Much has changed in football since February 1972, when Bobby Bell arrived on a month’s loan from Crystal Palace and became the first loanee to wear the Canary yellow.
Over 100 players have since joined the Canaries on loan with, it has to be said, varying degrees of success.
For every loan success – Darren Huckerby, back in September 2003, being my personal favourite – there are numerous who have contributed very little to the Canary cause. Who can forget – actually, most of us probably have – the fifteen (yes fifteen, and I challenge anyone to name them all) loan players signed by Glenn Roeder and Bryan Gunn, back in 2008-09, during our slide to relegation to League One.
The present emergency loan system, which is unique to England – no other country operates a loan system outside the usual international transfer windows – was introduced back in 2002-03 following agreement between FIFA and the European Commission. It operates for the benefit of Football League and Conference clubs only, supposedly to help ease the financial pressure on lower division teams with smaller squads.
Emergency loans enable clubs to sign players for a maximum of 93 days.
What is perhaps unappreciated by many is that FIFA is seeking to cease the current arrangement at the end of the 2014-15 season. Whether the FA can negotiate a further season’s extension – and discussions are currently on-going – remains to be seen.
Whilst English clubs maintain that the emergency loan system is absolutely essential (and there have been over 300 loan deals so far this season) is that argument really valid when every other country seems to manage perfectly well without the arrangement?
Who actually really benefits from the current arrangements? The players’ agents undoubtedly – as they get paid on each transaction – and that’s money going out of the game.
The big four or five Premier League clubs? Another, “yes” I would suggest. These clubs, due to their huge turnovers, can afford to ‘hoard’ huge squads.
To prove the point, in addition to the named 25 man squads of players aged over 21, it’s not uncommon for clubs like Arsenal, Chelsea, Manchester City and United, to have 50 plus youngsters aged 21 or under.
With the benefit of the present loan system, these clubs can loan out their players to other Premier League, Football League or Conference clubs, supposedly in the name of player development. Chelsea, at one stage earlier this season, actually had twenty six players out on loan!
In reality, whilst a handful may eventually progress to play first-team football at their parent club, the vast majority of loanees are nowhere near being first-team regulars, either before going out on loan or afterwards upon their return.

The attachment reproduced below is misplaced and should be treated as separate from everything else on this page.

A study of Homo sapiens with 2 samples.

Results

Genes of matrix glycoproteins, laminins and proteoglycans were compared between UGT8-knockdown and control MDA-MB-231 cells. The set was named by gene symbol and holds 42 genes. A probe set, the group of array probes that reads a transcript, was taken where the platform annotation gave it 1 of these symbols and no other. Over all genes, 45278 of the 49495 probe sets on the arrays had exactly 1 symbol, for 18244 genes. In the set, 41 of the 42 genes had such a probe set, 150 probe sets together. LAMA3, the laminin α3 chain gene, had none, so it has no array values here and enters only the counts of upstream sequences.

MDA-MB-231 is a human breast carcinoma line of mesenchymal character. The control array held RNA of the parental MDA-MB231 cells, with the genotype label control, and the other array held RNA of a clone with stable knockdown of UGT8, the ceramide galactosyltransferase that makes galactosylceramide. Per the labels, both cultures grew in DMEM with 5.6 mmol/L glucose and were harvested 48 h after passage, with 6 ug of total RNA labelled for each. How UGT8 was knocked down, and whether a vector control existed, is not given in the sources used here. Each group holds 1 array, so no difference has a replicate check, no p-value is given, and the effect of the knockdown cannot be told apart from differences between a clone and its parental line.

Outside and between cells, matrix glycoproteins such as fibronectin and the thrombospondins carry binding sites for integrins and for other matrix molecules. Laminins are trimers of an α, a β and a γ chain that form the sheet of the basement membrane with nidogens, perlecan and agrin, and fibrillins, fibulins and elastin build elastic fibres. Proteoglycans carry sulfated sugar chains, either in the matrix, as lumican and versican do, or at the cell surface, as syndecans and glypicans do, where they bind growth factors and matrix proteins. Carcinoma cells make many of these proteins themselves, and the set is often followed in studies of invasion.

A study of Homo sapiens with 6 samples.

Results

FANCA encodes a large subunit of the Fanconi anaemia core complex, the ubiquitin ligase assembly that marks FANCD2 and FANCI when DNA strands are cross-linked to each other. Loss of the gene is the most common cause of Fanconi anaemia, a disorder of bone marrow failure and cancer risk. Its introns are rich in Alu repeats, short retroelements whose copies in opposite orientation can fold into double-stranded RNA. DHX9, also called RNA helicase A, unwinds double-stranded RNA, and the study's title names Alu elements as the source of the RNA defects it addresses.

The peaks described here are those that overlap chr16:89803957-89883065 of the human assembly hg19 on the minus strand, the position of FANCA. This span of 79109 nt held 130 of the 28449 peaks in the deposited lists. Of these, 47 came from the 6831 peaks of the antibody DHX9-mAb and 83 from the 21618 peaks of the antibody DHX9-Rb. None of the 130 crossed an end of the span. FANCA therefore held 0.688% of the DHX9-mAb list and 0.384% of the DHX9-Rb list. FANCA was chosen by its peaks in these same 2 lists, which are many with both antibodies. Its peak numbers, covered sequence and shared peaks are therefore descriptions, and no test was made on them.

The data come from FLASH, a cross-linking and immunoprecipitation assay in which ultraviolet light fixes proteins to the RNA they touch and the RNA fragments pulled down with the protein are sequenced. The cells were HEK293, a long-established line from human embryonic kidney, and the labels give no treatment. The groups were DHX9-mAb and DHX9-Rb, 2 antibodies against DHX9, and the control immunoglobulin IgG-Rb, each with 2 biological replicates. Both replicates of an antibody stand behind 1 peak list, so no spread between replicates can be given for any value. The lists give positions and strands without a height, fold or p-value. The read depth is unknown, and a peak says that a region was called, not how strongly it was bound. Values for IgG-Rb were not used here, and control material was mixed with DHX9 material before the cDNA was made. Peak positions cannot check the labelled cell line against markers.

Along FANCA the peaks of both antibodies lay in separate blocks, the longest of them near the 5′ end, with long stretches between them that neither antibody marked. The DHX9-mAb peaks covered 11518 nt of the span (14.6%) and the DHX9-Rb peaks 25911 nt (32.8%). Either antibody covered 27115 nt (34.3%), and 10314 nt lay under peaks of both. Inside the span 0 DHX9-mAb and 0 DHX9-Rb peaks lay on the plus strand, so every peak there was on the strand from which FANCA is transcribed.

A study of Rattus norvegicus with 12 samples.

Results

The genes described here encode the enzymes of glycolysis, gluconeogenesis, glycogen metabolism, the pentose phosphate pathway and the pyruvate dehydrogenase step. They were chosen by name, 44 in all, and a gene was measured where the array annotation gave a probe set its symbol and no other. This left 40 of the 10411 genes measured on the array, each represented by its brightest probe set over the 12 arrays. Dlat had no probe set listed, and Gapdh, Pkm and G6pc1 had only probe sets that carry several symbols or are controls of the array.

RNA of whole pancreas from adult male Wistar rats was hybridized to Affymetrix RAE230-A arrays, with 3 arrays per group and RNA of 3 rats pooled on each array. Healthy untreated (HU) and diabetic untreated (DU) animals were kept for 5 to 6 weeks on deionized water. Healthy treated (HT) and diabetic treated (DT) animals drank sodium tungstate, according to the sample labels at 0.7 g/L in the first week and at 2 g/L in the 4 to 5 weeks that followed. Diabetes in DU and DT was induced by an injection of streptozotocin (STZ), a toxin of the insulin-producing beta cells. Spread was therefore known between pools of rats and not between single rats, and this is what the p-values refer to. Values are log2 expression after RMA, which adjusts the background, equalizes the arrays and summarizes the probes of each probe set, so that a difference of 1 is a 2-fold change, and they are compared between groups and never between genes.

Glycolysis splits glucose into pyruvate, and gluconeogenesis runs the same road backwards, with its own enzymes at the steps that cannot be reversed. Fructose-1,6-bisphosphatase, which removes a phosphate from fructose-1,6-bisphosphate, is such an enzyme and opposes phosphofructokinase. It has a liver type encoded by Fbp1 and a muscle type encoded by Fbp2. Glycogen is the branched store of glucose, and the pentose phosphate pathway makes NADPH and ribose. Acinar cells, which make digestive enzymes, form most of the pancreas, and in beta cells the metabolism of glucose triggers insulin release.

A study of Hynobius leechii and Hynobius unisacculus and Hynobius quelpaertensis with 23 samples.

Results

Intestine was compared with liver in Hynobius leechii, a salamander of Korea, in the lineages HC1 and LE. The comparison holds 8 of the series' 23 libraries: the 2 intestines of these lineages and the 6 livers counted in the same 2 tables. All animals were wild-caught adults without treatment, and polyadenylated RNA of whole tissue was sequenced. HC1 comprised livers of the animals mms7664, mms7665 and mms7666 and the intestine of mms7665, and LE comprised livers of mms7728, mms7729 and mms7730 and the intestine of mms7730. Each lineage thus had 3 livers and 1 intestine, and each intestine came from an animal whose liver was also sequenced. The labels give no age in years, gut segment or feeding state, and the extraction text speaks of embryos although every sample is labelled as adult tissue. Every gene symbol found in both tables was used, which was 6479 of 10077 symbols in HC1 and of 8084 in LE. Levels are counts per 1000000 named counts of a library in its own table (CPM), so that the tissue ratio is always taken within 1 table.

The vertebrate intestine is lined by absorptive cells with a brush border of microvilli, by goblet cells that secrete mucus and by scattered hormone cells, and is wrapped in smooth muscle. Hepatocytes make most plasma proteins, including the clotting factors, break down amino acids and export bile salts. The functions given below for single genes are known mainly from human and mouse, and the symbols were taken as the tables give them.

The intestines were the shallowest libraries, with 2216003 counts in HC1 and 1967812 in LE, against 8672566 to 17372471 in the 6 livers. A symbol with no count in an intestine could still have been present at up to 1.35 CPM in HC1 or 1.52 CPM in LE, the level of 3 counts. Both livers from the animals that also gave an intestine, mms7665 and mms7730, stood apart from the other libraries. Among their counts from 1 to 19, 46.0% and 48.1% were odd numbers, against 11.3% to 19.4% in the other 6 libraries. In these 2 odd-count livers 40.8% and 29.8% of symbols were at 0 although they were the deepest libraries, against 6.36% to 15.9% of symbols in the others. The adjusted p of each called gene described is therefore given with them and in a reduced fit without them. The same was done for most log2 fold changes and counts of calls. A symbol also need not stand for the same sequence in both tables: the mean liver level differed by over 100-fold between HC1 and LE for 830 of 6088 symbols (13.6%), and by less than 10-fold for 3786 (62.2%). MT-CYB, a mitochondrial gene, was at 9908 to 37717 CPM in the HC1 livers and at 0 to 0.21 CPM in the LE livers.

At first sight that may seem somewhat a harsh comment. However, take a quick look closer to home and ask the same question of our own players who have gone out on loan, both this season and last. Some have undoubtedly returned as better players, but are any really any closer to being first-team regulars?
Football is notoriously short-term and always looking for quick fixes. An emergency loan is often perceived as the only answer to a sudden injury or loss of form of a star striker. However, arguably, its mere existence prevents clubs using their own academy resources. It’s too easy to opt for the loan rather than use one of their own.
Would clubs actually suffer if the emergency loan system disappeared?
Take Southampton for example. Under the guidance of Les Reed, youth players are rarely permitted to go out on loan to other clubs. The youngsters train regularly with the first team squad and, as a consequence, the number of players making the transition from the academy to the first-team is exceptionally high in comparison to other clubs.
If it can work there so well at Southampton, why not elsewhere?
All things considered, personally, I view the emergency loan system as an obstacle to youth development. Other countries manage perfectly well without such a system.
Can the FA realistically argue in favour if extending the current system that restricts the development of young players and seems to operate primarily for the benefit of top Premier League clubs?
Football, in general, is bemoaning the lack of English qualified youngsters progressing through to first-team level in the Premier League, yet it persists with a loan system that, in reality, does little to assist that progression.
Time for a change? Personally, I think so.